Jerusalem mayor using international organizations in budget dispute with Finance Ministry.
Jerusalem enjoys an annual “capital grant” from the [Israeli Finance Ministry] that helps it offset low tax revenue due to large populations with relatively high percentages that are not part of the taxpaying workforce, including roughly a third of the city’s population that is made up of ultra-Orthodox Jews and another third of Palestinian Arabs.
The Jerusalem municipality has handed out fines totaling millions of dollars to properties owned by the United Nations and by churches, citing a new legal opinion that says the properties are not legally defined as places of worship and therefore aren’t entitled to exemptions from property tax.
The step appeared to be an escalation of a dispute between the municipality and the Finance Ministry over funds. Mayor Nir Barkat has been conducting a high-profile campaign against Finance Minister Moshe Kahlon that included instructing workers to dump trash at the entrance to the ministry offices in Jerusalem and threatening to lay off more than 2,000 city employees.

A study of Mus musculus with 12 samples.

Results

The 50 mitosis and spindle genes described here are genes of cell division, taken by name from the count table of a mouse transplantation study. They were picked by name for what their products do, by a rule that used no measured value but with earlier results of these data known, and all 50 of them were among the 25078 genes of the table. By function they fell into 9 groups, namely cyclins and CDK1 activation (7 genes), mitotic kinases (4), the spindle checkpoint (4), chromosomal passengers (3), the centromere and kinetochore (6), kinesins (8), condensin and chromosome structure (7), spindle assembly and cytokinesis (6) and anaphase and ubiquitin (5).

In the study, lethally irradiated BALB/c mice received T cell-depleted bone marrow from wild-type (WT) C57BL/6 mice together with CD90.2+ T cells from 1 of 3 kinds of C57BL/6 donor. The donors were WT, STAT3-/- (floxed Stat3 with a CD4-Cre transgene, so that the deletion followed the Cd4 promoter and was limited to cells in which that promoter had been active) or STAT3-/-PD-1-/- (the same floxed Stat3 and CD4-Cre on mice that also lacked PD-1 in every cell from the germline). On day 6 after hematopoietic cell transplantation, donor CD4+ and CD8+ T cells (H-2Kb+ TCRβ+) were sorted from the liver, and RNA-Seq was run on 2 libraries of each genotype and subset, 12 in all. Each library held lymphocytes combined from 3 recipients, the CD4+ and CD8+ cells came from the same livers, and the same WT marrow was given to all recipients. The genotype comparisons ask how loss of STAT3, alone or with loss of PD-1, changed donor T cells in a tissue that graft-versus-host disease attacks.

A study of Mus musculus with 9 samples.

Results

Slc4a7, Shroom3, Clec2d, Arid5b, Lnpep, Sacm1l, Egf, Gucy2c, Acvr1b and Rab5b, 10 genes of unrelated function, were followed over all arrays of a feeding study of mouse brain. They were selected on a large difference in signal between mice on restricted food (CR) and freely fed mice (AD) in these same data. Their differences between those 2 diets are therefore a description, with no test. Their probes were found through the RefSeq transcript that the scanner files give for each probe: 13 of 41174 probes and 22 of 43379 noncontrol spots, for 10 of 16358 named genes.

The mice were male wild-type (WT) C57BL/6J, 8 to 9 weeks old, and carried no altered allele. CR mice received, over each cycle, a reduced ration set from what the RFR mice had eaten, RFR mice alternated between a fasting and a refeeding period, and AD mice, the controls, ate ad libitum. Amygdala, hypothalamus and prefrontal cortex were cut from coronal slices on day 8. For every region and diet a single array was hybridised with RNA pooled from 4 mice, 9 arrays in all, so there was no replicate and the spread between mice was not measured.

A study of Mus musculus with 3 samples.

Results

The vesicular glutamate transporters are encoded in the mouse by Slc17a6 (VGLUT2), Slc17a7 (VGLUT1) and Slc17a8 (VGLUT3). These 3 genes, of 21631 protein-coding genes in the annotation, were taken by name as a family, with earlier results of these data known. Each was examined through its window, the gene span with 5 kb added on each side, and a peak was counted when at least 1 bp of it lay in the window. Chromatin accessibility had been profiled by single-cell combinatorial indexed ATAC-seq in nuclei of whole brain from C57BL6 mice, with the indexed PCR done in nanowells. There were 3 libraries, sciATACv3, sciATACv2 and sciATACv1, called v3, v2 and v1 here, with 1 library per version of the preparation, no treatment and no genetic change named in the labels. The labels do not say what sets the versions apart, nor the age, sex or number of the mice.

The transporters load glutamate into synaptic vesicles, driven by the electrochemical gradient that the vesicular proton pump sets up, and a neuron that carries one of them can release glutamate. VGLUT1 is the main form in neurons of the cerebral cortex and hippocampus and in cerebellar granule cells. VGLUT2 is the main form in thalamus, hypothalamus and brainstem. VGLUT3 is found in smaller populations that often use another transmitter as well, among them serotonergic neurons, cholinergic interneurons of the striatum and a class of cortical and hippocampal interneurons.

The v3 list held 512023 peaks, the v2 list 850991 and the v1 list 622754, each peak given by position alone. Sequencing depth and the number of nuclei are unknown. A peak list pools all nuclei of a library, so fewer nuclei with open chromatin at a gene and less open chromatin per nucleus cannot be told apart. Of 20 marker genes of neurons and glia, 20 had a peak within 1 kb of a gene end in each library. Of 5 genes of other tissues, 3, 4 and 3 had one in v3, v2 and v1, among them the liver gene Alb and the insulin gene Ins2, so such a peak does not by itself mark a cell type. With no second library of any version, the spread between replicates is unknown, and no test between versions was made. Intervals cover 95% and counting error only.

The municipal authority said Sunday in a statement that it has started collecting over NIS 650 million ($188 million) from some 887 properties in Jerusalem belonging to various churches and UN agencies, after notifying the Prime Minister’s Office as well as the finance, interior and foreign ministries of the plan about two weeks ago.
Over the last week, the municipality has fined the Catholic Church almost NIS 12 million, the Anglican Church more than NIS 7 million, the Armenian Church NIS 2 million, and the Greek Orthodox Church about NIS 500,000. It took the sums by placing a lien on the churches’ bank accounts, and said that was only the first stage, with more to come.